An interesting lawsuit came into the spotlight recently involving an unfair practice imposed on Apple store employees. For years, Apple workers have been required to undergo a 10-20 minute search at the end of their shift to ensure no company assets or trade secrets were stolen. The search is conducted by a manager who goes through employees’ personal bags and checks the serial numbers of their Apple devices to ensure the items actually belong to them. Ideally this whole process would happen right after an employee clocks out, but that’s not always the case.
On busy days, employees could wait around for up to 45 minutes until a manager or security officer becomes available. Add the 10-20 minute search on top of 45 minutes of wait time and employees can waste up to an hour hanging around the store after their shift ends. The biggest kicker though, is that Apple employees aren’t paid for any of this time.
This extremely unfair protocol led a group of employees to file a class action lawsuit against Apple in 2013 but two years later, a California judge dismissed the lawsuit ruling in Apple’s favor. Apple argued that employees could avoid searches by not bringing a bag or an iPhone to work at all. But this time around, the state Supreme Court sided with the plaintiffs ruling the Apple was in violation of state law by not paying employees for their time spent waiting and undergoing mandatory security checks.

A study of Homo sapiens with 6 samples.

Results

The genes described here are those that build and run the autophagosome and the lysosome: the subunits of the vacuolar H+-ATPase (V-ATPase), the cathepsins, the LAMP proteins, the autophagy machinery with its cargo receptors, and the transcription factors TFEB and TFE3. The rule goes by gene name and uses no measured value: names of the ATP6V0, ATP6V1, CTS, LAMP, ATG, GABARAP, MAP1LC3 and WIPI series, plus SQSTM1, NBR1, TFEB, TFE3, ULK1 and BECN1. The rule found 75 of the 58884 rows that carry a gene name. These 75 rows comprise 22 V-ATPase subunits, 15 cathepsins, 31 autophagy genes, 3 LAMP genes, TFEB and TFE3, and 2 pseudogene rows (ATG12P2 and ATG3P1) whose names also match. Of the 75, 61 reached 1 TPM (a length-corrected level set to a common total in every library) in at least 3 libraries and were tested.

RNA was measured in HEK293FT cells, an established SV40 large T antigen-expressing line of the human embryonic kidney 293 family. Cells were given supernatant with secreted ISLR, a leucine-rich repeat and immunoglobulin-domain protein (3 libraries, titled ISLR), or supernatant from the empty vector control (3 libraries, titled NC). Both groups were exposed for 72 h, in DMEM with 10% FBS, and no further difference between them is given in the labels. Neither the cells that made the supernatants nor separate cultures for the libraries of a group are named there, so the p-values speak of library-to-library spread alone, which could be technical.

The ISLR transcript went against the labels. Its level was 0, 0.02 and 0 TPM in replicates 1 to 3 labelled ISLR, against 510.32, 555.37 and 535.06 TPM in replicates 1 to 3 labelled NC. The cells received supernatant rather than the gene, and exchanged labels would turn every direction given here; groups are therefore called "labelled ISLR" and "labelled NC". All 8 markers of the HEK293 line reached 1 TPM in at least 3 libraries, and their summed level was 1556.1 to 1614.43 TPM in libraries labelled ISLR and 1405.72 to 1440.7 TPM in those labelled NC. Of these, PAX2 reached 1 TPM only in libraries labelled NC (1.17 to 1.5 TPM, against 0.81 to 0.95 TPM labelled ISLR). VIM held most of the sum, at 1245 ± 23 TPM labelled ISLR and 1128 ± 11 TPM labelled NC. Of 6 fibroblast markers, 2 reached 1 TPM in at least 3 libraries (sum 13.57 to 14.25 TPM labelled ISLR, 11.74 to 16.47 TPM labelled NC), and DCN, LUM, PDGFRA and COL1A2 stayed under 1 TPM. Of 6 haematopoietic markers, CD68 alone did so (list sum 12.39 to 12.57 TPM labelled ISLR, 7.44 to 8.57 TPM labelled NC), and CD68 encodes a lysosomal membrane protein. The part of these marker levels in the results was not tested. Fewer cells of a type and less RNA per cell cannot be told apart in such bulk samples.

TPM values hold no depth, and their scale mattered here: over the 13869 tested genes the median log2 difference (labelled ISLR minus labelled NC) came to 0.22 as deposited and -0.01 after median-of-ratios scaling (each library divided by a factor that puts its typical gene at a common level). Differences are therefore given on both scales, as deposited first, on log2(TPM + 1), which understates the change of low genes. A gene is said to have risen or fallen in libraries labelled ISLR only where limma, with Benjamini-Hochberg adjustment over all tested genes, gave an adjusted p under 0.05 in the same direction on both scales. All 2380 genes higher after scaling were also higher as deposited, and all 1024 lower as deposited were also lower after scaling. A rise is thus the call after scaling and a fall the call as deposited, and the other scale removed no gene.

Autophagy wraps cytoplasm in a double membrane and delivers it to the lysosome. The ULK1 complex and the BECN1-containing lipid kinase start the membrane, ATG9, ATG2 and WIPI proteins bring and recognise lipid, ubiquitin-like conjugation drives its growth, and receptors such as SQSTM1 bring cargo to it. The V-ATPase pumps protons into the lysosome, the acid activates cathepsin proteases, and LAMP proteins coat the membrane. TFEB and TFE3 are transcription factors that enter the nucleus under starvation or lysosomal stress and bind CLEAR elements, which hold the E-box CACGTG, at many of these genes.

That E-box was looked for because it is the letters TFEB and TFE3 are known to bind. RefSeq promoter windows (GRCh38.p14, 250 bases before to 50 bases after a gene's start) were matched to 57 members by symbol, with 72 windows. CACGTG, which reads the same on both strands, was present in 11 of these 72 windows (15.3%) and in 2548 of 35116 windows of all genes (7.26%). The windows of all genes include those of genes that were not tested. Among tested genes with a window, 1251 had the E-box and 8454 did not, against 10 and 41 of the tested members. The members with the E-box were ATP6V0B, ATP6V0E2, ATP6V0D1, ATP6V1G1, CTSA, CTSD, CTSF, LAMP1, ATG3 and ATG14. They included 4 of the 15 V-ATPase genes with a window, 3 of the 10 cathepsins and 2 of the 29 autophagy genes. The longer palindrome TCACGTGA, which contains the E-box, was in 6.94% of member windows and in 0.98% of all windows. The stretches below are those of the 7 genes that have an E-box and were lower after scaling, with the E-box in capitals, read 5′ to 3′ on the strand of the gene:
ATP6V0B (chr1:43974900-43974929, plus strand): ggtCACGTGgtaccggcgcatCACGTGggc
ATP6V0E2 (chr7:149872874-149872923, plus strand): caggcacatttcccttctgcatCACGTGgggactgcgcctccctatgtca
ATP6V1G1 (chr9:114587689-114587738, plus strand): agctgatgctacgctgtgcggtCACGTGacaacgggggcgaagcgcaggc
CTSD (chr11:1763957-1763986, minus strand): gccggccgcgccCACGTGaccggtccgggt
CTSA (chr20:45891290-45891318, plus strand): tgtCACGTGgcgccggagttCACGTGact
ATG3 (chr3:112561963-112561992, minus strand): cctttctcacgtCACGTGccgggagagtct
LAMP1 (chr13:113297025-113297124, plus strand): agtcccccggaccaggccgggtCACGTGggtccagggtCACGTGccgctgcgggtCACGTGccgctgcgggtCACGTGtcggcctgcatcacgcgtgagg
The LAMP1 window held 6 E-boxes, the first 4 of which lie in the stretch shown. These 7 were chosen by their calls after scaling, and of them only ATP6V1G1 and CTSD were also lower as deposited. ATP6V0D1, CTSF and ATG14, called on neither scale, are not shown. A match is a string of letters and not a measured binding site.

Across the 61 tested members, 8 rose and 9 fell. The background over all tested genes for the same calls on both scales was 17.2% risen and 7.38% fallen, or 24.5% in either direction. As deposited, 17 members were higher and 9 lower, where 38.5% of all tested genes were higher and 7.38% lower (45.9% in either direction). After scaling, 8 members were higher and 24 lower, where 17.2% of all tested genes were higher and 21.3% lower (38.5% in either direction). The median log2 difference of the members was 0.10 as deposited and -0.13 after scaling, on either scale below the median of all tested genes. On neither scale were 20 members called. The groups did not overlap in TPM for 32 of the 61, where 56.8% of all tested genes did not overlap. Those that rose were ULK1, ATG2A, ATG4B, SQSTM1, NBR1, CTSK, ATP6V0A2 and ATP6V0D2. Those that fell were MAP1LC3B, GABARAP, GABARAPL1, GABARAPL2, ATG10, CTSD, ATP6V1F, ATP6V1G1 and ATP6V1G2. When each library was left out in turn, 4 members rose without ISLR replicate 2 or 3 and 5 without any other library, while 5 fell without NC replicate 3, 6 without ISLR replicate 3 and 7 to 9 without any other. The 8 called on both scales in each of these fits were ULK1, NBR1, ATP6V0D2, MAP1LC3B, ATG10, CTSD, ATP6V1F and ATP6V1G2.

A California Supreme Court Judge also pointed out the hypocrisy in Apple’s case from 2015 saying “Its characterization of the iPhone as unnecessary for its own employees is directly at odds with its description of the iPhone as an ‘integrated and integral’ part of the lives of everyone else,”
The unpaid time claimed by the plaintiffs might not seem like much, but when you add up current and former employees of 52 Apple stores, it’s pretty significant. Apple will have to pay as much as $60 million to 12,400 former and current employees at 52 Apple stores across California.
As the L.A. Times explained, the court’s decision is retroactive. The case will return to the 9th Circuit where the federal judges will apply the interpretation of state law. So it looks like this time, things worked out in Apple employees' favor.
If you enjoyed this segment, be sure to register for CE Week 2020 where we'll be showcasing and talking about all the hot topics in consumer tech from June 10-11 in New York City.